Many patent applicants enjoy the fact that the USPTO lists all cited and considered references on the face of each patent. That listing provides an apparent presumption that the newly patented invention is a step beyond anything found in those references. Economists have even shown that patents with more cited references tend to be relatively more valuable. Patent applicants are also under a duty to submit prior art references that are material to patentability. 37 C.F.R. §1.56.
A negative side of citation is now emerging. Recently, copyright owners have begun trolling non-patent prior art citations to see whether any of their works were copied and submitted to the USPTO. Of course, following standard law firm practice additional copies were likely generated for the file and for review by the inventors or attorneys. These copies may be hard copes or electronic versions, but as MegaUploads can now attest, that makes no difference in copyright law. Statutory damages for copyright infringement range from $750 to $150,000 per work. The exact figure is largely within the discretion of the judge and is based upon what the "the court considers just" and whether the infringement was willful.
A number of scientific journals have begun to threaten law firms and their clients for submitting copies of journal articles to the USPTO. The typical cease & desist letter that I've seen says something like the following:
"We've been trolling through USPTO records and found that you submitted a copy of one of our articles articles to the USPTO and we suspect that you maintained other copies in your files and distributed additional copies within your organization. These actions constitute copyright infringement and are not fair use. We will sue you unless you come into compliance with our CCC licensing scheme."
To be clear, the focus in the letter is on copies being submitted to the USPTO as well as copies retained in the file and distributed internally.
I looked-into the CCC automated licensing system and found that they offered the right to make copies of a NATURE article (one of the journals taking action) for $32 per copy.
USPTO Response: In a surprisingly bold statement, the USPTO's General Counsel Bernie Knight released a statement late last week indicating the USPTO's belief that submission of unlicensed copies of copyrighted materials to the USPTO for the purpose of complying with Rule 56 cannot create copyright liability because that action is fair use under 17 U.S.C. 107. This issue previously arose when the USPTO was building the PAIR electronic record system. It was because of potential copyright concerns that the USPTO decided not to make available non-patent prior art through the PAIR system. However, the USPTO has offered its position that it is fair use for the agency to charge a fee to make and distribute paper copies of the copyrighted works (as part of the file history).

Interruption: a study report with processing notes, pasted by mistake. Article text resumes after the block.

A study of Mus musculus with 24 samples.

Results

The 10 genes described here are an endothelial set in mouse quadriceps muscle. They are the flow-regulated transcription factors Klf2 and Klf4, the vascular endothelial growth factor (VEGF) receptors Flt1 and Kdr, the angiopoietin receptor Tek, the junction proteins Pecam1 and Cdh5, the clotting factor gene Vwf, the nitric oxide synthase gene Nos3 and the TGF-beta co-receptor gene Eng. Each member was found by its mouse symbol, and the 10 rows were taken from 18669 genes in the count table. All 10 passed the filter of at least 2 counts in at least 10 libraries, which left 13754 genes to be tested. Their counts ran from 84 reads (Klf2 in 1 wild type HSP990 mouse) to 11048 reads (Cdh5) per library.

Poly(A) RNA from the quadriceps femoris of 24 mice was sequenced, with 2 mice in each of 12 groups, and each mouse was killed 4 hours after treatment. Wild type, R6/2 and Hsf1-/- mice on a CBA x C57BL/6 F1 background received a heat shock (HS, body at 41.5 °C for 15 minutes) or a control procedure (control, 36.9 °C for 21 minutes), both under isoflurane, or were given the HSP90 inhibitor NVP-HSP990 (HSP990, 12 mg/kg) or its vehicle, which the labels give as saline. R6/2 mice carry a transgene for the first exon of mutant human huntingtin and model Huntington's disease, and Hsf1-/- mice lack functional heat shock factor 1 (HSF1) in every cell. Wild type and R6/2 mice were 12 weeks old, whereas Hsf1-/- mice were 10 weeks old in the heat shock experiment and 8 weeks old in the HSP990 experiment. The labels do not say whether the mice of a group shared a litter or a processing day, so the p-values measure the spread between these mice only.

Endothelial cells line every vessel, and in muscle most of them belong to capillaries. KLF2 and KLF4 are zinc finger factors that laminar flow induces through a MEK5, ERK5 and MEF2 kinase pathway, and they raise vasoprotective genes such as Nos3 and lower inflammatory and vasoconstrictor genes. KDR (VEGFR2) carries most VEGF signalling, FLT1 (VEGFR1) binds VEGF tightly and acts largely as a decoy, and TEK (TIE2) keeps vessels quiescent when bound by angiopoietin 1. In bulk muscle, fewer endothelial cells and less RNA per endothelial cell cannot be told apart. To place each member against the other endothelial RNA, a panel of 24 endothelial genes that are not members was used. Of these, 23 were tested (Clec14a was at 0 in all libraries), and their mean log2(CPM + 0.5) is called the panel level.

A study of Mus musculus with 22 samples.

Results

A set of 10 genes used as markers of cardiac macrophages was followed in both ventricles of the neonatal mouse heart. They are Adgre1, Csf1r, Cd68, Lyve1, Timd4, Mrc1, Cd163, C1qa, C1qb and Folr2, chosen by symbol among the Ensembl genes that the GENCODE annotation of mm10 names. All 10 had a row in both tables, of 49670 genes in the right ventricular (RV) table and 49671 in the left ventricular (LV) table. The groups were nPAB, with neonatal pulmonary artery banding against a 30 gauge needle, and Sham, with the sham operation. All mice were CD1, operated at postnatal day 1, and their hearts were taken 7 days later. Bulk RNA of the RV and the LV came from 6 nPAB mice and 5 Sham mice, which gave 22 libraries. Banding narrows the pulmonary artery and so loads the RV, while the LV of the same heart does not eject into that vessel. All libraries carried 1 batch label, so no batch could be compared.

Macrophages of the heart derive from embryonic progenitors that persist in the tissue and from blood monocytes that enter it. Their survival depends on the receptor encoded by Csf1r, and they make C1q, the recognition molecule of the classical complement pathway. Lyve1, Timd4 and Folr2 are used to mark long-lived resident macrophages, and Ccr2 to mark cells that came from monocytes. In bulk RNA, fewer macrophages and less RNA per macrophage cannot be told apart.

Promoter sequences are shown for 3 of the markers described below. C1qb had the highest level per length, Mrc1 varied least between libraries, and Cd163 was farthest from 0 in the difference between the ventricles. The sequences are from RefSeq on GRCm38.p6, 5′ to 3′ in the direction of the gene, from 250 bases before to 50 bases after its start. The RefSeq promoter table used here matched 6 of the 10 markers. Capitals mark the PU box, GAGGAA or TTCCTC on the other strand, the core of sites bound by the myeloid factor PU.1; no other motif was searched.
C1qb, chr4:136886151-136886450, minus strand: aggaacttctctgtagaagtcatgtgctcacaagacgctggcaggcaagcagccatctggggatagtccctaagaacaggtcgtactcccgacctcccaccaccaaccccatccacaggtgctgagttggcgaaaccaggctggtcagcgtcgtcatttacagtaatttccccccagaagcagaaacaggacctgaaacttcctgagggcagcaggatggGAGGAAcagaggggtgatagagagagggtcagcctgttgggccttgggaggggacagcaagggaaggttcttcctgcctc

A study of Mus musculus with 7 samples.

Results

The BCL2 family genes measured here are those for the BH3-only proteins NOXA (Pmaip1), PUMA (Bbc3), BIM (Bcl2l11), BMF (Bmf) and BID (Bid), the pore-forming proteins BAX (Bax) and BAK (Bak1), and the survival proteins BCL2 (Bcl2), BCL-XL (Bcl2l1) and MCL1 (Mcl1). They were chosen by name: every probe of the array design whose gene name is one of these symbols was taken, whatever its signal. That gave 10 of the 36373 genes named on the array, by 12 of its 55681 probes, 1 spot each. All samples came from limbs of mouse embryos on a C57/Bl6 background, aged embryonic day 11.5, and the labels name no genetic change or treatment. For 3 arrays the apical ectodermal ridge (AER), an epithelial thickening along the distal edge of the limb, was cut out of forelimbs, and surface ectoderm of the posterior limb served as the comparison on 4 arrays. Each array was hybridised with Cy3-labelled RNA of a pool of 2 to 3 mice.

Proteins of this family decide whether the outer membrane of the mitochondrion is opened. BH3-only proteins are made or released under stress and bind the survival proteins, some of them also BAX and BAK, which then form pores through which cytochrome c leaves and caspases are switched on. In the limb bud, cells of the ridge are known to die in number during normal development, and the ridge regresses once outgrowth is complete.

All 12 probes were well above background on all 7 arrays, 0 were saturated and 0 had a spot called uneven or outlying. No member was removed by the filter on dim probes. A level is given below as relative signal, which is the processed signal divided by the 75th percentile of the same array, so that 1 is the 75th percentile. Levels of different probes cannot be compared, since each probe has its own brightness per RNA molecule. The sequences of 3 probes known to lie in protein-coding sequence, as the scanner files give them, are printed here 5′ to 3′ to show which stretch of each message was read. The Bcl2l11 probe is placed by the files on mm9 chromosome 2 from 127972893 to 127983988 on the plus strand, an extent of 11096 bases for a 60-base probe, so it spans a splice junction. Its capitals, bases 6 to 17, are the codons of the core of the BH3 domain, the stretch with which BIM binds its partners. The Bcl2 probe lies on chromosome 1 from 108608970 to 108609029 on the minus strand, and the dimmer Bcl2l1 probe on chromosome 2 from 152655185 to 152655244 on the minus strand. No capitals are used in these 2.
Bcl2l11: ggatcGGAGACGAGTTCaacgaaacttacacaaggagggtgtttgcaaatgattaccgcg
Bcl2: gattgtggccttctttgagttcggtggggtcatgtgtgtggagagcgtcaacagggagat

The USPTO took no position on whether applicant's creation of file-copies and internal distribution of copies also qualify for the fair use defense. In addition, applicants who have obtained limited licenses to works may be under a contractual duty to avoid making further copies even if those copies would have been fair use.
How much money?: On an annual basis, I would estimate that at least five hundred thousand journal articles are submitted to the USPTO for consideration. Each submission probably results two local copies for the file & review by the attorney, inventors, and others in addition to the submitted copy. That takes the annual licensing market to around $50 million. Not a tremendous amount for a nationalmarket, but that may be enough to save the struggling scientific journal industry.
Fair Use: An interesting aspect of fair use analysis is that the outcome can change based upon market conditions and general custom. Here, for instance, if it is very easy to obtain a license by simply paying a fee online and a number of patent applicants begin paying that fee regularly, an action that was once considered fair use may again fall under the copyright infringement umbrella.
How will your firm respond? Should your engagement letter be amended?